It seems that Microsoft is now getting into the habit (again) of creating new products that can be seen as a rivaling copy of a popular service. Skype Teams, for example, is set to kill Slack. Microsoft Flow, which has been in preview for quite some time now, is aiming its guns at IFTTT. But while IFTTT has the advantage of popularity, age, and non-exclusivity, Microsoft Flow is going to hit hard in one area where IFTTT might have trouble settling in: the enterprise.
Both IFTTT and Flow, as well as other similar services like Zapier, are what you can call automation platforms, where a certain condition, when triggered, produces an action on a web service or app. Triggers usually involve things you can initiate yourself, like sending an e-mail to pushing a button, or things outside of your control, like a weather update or new incoming news.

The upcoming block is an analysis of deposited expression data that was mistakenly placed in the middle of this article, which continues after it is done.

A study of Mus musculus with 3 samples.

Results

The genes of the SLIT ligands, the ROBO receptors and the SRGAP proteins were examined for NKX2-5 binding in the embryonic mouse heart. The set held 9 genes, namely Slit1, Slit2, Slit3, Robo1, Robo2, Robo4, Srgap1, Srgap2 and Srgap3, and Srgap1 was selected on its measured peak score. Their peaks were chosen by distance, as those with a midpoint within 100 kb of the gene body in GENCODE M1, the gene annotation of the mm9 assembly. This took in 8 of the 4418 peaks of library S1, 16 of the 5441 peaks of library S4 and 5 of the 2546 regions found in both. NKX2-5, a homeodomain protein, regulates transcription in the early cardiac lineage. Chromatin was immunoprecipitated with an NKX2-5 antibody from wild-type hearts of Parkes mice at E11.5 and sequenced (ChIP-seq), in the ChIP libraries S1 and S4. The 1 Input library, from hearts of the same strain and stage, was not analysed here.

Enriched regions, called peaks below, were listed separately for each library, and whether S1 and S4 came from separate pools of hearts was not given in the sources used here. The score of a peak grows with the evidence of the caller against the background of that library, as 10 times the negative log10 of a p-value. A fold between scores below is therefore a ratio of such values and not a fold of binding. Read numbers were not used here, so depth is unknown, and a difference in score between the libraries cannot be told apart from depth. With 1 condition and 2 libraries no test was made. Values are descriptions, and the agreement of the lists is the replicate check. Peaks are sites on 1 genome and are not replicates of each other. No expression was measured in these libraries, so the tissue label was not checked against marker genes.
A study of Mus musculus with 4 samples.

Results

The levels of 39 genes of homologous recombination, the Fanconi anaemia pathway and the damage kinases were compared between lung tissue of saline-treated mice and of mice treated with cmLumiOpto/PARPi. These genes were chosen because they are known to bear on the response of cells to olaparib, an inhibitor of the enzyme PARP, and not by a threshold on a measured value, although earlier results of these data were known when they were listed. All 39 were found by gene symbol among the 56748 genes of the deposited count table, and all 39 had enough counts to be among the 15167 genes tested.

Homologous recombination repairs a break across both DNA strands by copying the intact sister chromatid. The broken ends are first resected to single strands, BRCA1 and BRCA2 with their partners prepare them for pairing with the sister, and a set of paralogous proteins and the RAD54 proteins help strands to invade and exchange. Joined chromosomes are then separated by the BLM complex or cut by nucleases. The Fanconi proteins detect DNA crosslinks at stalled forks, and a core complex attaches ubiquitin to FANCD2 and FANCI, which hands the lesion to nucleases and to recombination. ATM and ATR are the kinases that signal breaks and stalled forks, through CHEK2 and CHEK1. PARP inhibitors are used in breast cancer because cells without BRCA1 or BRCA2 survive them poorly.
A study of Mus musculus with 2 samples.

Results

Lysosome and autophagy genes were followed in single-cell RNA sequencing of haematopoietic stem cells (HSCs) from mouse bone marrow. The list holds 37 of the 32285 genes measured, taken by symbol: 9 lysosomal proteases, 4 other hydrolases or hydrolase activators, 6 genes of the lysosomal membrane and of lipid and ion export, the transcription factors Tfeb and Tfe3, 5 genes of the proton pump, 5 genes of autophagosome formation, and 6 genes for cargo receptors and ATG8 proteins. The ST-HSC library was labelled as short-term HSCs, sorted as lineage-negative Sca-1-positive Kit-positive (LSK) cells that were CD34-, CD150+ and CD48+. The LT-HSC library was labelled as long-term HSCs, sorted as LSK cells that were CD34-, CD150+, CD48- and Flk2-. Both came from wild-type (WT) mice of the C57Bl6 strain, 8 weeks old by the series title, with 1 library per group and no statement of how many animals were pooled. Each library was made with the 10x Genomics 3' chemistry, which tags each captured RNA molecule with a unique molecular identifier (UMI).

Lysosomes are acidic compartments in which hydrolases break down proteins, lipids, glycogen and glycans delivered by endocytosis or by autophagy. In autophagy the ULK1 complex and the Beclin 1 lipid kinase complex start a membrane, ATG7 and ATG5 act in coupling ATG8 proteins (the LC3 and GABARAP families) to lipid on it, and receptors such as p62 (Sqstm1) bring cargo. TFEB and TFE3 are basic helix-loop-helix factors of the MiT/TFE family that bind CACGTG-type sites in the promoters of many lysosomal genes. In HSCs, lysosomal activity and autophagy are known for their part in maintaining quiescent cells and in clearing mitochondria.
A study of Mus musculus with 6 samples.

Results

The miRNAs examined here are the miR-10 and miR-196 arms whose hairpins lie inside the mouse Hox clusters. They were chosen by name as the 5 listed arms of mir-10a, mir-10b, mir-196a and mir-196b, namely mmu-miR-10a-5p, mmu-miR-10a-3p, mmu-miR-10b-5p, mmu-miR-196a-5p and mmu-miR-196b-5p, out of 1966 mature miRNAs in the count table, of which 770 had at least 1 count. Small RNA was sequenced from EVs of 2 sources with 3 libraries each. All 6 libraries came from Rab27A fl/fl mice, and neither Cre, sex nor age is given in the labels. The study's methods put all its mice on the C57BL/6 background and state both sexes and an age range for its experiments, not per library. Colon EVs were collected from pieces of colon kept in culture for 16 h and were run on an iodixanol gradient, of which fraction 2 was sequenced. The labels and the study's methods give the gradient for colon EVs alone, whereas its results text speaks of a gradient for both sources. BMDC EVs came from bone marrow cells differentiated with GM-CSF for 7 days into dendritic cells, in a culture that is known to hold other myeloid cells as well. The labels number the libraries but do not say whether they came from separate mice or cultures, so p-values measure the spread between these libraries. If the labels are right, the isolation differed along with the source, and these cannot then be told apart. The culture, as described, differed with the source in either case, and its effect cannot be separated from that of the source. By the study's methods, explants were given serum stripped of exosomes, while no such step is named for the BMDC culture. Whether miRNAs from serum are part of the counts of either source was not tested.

Despite its popularity, IFTTT is still pretty much seen as a power user thing, and that would be a correct assessment. There is one area, however, where such automation isn’t alien and is, in fact, critical to success and sanity. That would be the workplace, and that is where Microsoft Flow’s biggest strength lies.
As you might expect, Flow ties in neatly with Microsoft’s own services, like Office 365, Dynamics 365, and SharePoint, but it also opens its arms to others like Slack, Salesforce, GitHub, and more. Flow, however, has some perhaps niche features that only businesses will appreciate, like geography or team-based “environments”. Sadly, it seems that, so far, there are only 58 services you can tie together, leaving IFTTT still in the lead.
With Microsoft Flow finally becoming available to the public, the Android app has also gone gold, joining the iOS app released last June. Another thing that launches is paid subscriptions. While the basic service is free, it’s limited to running 750 times a month at 15 minute intervals. For $5 or $15 per month per user, you up those numbers quite a bit, which would make more sense if you were running it in a business.